It's Park(ing) Day around the world -- an international demonstration of the potential to repurpose the space given over to cars in our cities. Right now in more than 160 cities in 35 countries, people are setting up small parks in what, for one day, will turn unremarkable 9-by-18-foot asphalt patches into community gathering spaces.
Network blog Together North Jersey is dropping in on the event in New Brunswick and writes a little bit more on what it's all about:
Temporary parklets are created by bringing sod, plants, tables, chairs, and art to a parking space. Depending on the resources available, the pop-up parklet can include a wooden base, specially designed tables and innovative seating arrangements, or be as simple as a blanket and some beach chairs.
There are many benefits to installing parklets in a community. For nearby business (in the New Brunswick case, a coffee shop), a parklet can provide a comfortable place for patrons to sit and enjoy their purchase. For the neighborhood, parklets can add greenery to areas that may lack it due to narrow sidewalks. For the community, parklets can also host innovative art installations and other forms of entertainment; this Friday, the organizers are planning for some light music.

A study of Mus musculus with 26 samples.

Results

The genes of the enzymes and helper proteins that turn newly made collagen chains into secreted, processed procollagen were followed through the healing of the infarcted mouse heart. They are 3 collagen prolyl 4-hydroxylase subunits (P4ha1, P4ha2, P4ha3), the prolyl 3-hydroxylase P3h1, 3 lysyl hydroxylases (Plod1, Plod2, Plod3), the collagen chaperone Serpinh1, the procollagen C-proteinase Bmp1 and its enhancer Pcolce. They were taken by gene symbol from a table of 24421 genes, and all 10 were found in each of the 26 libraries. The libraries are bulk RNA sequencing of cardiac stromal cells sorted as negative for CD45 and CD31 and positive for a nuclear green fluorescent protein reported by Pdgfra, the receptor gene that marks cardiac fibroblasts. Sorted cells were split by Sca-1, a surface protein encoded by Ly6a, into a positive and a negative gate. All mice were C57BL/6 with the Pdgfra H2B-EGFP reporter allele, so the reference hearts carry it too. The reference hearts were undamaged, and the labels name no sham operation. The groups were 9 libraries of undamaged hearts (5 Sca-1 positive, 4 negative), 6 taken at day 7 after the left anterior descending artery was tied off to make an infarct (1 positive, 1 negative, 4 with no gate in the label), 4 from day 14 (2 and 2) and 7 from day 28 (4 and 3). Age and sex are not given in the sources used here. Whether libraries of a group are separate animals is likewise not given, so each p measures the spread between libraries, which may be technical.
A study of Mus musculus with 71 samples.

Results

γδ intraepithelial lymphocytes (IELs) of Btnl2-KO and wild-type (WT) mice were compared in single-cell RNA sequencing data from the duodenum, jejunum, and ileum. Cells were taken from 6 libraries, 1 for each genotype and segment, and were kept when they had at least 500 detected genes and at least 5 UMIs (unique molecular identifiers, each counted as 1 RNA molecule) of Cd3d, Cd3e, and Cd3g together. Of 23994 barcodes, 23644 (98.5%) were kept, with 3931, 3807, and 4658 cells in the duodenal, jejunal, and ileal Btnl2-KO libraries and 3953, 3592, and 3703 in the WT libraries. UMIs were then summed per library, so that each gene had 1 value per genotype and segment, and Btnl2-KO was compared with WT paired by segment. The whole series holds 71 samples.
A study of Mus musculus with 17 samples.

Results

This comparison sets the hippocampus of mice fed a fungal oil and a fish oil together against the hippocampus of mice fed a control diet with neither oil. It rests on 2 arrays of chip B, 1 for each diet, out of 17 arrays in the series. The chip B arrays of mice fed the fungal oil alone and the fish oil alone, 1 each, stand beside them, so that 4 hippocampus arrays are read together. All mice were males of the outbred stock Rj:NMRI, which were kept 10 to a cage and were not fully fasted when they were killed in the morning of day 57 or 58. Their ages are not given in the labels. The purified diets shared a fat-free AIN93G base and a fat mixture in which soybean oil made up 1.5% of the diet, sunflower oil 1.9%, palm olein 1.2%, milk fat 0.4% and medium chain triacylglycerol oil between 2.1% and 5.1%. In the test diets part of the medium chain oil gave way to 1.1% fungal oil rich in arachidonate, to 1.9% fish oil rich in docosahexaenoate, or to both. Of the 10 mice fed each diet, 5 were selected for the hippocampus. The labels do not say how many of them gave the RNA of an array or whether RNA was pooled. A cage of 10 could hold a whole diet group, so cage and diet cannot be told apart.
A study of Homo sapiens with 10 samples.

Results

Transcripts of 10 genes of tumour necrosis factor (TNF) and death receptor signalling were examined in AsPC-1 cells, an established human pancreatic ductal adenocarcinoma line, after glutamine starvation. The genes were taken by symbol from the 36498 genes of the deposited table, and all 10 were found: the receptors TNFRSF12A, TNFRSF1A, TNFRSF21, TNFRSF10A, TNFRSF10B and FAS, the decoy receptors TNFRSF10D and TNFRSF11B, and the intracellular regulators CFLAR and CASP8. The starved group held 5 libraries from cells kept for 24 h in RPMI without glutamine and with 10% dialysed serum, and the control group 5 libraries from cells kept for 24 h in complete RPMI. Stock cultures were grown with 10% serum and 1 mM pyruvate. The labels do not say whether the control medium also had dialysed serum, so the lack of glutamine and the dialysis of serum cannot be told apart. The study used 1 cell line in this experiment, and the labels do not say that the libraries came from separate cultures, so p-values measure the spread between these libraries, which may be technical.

However, nearby businesses may be concerned that the removal of parking spaces will negatively affect their bottom lines. Even though studies, survey and examples from other cities prove otherwise, nothing is better than a real-world example to display the benefits and generate interest in the idea.
Elsewhere on the Network today: Bike Portland reports that police have been cracking down on irresponsible drivers in school zones. Wash Cycle provides evidence that 2012's big jump in bike commuting might have come at a loss to transit. And The Urbanophile gapes at the absurd justification for a boondoggle bridge project planned for metro Louisville.